Chicago: how the Democrats used race and welfare to divide and rule

When Donald Trump threatened to ‘send in the Feds’ to Chicago if Mayor Rahm Emanuel didn’t tackle the city’s sky-high murder rate, he returned national scrutiny to a city once synonymous with Democrat corruption and racism:

The bestselling Boss: Richard J Daley of Chicago, by Chicago Tribune journalist Mike Royko was published in 1971, and details the real-life inspiration for the TV show Boss starring Kelsey Grammer.

Daley ran the Windy City’s municipal government like a Mafia don during the ’50s and ’60s, putting thousands of Democrat activists onto the public payroll to enrich themselves through bribery and corruption, with some never showing up for work.

The Democrat machine considered itself above the law. It would appear that not much has changed since Daley’s rule.

What makes Royko’s portrait so astonishing is the way in which voters, particularly black voters, were taken for granted, exploited, and threatened by the city’s Democratic Party.

His [Daley’s] first eight years in office did little to change the way of black life in Chicago – slums, welfare checks, and don’t forget to vote.

…it was politically wise to keep the black where he was. Concentrated, the black vote easily controlled. But if open housing became a reality, the black vote bloc would be lost, the white voter would be outraged by the presence of the black, and the Machine would collapse.

There was no reason, personal or political, for Daley to have done anything more during his first two terms. So he didn’t. The black had been docile, asking for less than any other group, and obedient, voting more consistently Democratic than any other group. It was a pleasant political one-way street.

Black citizens were kept in a ‘voluntary segregation in Chicago in which members of a minority group live together because of cultural, social and other ties’.

[ASIDE]: This seems rather similar to Britain’s Labour Party, which opposes reform of welfare and public housing because it removes voters from support networks.

We have already seen how the Democrat Party, and even a young Barack Obama, viewed housing and welfare as new plantations, for the Democrats to use as voter blocs.

Ultimately, Dr Martin Luther King came to Chicago:

Berry, of the Urban League, one of those who briefed King on what to expect from Daley, said, “King thought Daley was a despot and that he ruled with an iron hand, regarding black neighbourhoods as plantations to which he appointed his people as overseers.”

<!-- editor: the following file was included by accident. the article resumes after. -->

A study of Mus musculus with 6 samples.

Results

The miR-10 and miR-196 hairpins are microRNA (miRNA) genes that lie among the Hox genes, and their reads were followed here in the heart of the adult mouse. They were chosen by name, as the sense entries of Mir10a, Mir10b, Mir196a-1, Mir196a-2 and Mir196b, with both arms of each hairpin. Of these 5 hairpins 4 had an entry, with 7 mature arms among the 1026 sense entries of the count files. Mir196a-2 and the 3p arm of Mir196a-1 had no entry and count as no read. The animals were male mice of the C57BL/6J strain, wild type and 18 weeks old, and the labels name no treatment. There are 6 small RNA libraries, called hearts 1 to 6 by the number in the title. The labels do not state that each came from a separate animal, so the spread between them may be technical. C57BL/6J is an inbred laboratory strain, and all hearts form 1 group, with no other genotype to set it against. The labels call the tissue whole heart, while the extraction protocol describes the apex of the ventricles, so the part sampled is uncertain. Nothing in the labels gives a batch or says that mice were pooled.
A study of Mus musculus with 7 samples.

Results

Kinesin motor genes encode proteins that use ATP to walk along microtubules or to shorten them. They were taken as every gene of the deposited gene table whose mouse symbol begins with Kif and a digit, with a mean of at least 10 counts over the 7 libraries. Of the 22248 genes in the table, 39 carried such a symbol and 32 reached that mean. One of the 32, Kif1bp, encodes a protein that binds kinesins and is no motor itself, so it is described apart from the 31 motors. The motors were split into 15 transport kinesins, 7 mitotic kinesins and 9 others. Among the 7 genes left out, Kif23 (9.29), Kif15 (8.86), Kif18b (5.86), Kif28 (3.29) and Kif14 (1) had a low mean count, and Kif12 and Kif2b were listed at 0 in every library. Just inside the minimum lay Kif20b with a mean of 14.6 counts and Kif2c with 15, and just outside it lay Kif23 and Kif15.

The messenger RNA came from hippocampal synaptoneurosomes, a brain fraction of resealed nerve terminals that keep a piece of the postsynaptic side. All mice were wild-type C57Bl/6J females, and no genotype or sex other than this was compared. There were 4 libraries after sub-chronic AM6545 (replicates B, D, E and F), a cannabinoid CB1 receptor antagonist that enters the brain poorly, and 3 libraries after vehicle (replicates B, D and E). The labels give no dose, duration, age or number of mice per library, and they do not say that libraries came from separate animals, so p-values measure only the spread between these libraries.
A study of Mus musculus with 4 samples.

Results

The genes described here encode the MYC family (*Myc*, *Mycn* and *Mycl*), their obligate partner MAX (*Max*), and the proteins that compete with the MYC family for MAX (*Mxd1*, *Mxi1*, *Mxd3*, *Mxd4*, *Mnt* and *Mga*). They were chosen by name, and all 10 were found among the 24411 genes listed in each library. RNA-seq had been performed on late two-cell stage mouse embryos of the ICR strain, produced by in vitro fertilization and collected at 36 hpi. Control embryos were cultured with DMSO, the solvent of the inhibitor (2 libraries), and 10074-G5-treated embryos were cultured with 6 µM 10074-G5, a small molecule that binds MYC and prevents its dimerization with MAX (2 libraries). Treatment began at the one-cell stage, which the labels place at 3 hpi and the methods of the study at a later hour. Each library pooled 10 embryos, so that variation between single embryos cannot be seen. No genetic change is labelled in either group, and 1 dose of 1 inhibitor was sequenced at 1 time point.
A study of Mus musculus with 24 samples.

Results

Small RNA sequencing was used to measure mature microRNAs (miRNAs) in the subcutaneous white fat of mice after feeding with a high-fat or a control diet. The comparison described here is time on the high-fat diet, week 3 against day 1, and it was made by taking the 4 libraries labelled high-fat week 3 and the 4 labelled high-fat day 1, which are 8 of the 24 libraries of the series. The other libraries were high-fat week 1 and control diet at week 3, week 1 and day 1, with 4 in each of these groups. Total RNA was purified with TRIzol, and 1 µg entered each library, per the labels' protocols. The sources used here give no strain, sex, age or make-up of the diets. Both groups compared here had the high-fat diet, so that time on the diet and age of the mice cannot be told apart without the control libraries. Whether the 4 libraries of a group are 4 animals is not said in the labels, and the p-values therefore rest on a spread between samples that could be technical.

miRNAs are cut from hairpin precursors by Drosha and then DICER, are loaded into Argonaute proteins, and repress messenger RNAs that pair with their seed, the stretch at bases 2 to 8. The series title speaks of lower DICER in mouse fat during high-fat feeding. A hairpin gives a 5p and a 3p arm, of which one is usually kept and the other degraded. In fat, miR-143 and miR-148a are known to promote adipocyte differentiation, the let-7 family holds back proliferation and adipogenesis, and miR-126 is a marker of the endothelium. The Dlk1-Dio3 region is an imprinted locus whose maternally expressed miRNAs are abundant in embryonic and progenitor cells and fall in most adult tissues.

Everything cost more in the ghettos, from gas for the car, to the car itself, to the food on the grocery store shelf.

Politically, the Negro was even more exploitable. In the South he didn’t vote. In Chicago he could vote for the Democrat of his choice. The Machine’s precinct captains would go right into the voting booth with him to make sure he voted properly. The major weapon was the threat. Negroes were warned that they would lose their welfare check, their public housing apartment, their menial job, if they didn’t vote Democratic. 

Mayor Daley, like most of the Democrat Party of the day, resisted civil rights. The Woodlawn Organization led marches and picket signs downtown, an organisation founded by Saul Alinsky, whose book Rules For Radicals is the Left’s blueprint of cultural Marxism, and how to foster and exploit community frustration to divide and rule minority groups.


…he waded into the battle of words, suddenly announcing that the Chicago civil rights movement had been infiltrated by the Communist party. He knew this, he said, because his Police Department’s undercover squad had told him. When he was asked to name the “known Communists,” he said something about it all being “a matter of record.”

Just like today, where the most prominent news media in the United States are little more than tools of the Democratic Party, the 1967 Republican candidate for Mayor, John Waner, faced his own media battle:

So I went after the real issues. I hit hard at the inadequacies in housing in the city. I’d been federal housing director in Chicago when Eisenhower was in, so I knew what the problems were. Then I went into the problems of Negroes being kept out of trade unions. That was two years before it became a big civil rights issue. I laid out how the unions were discriminating against blacks and that the city was doing nothing to combat it. 

What did it get me? I’d draw up a big position paper, make a speech, then I’d look in the newspapers and I’d be somewhere in the back pages. The papers seemed to be more interested in trying to find out if I had a criminal record.  

The last non-Democrat Mayor of Chicago, Republican William H Thompson, left office in 1931. Rahm Emanuel, Barack Obama’s White House Chief of Staff, as been Mayor since 2011.

If the Democrats know how to do run government as anything other than a way of keeping minority voter blocs in their place, why don’t they?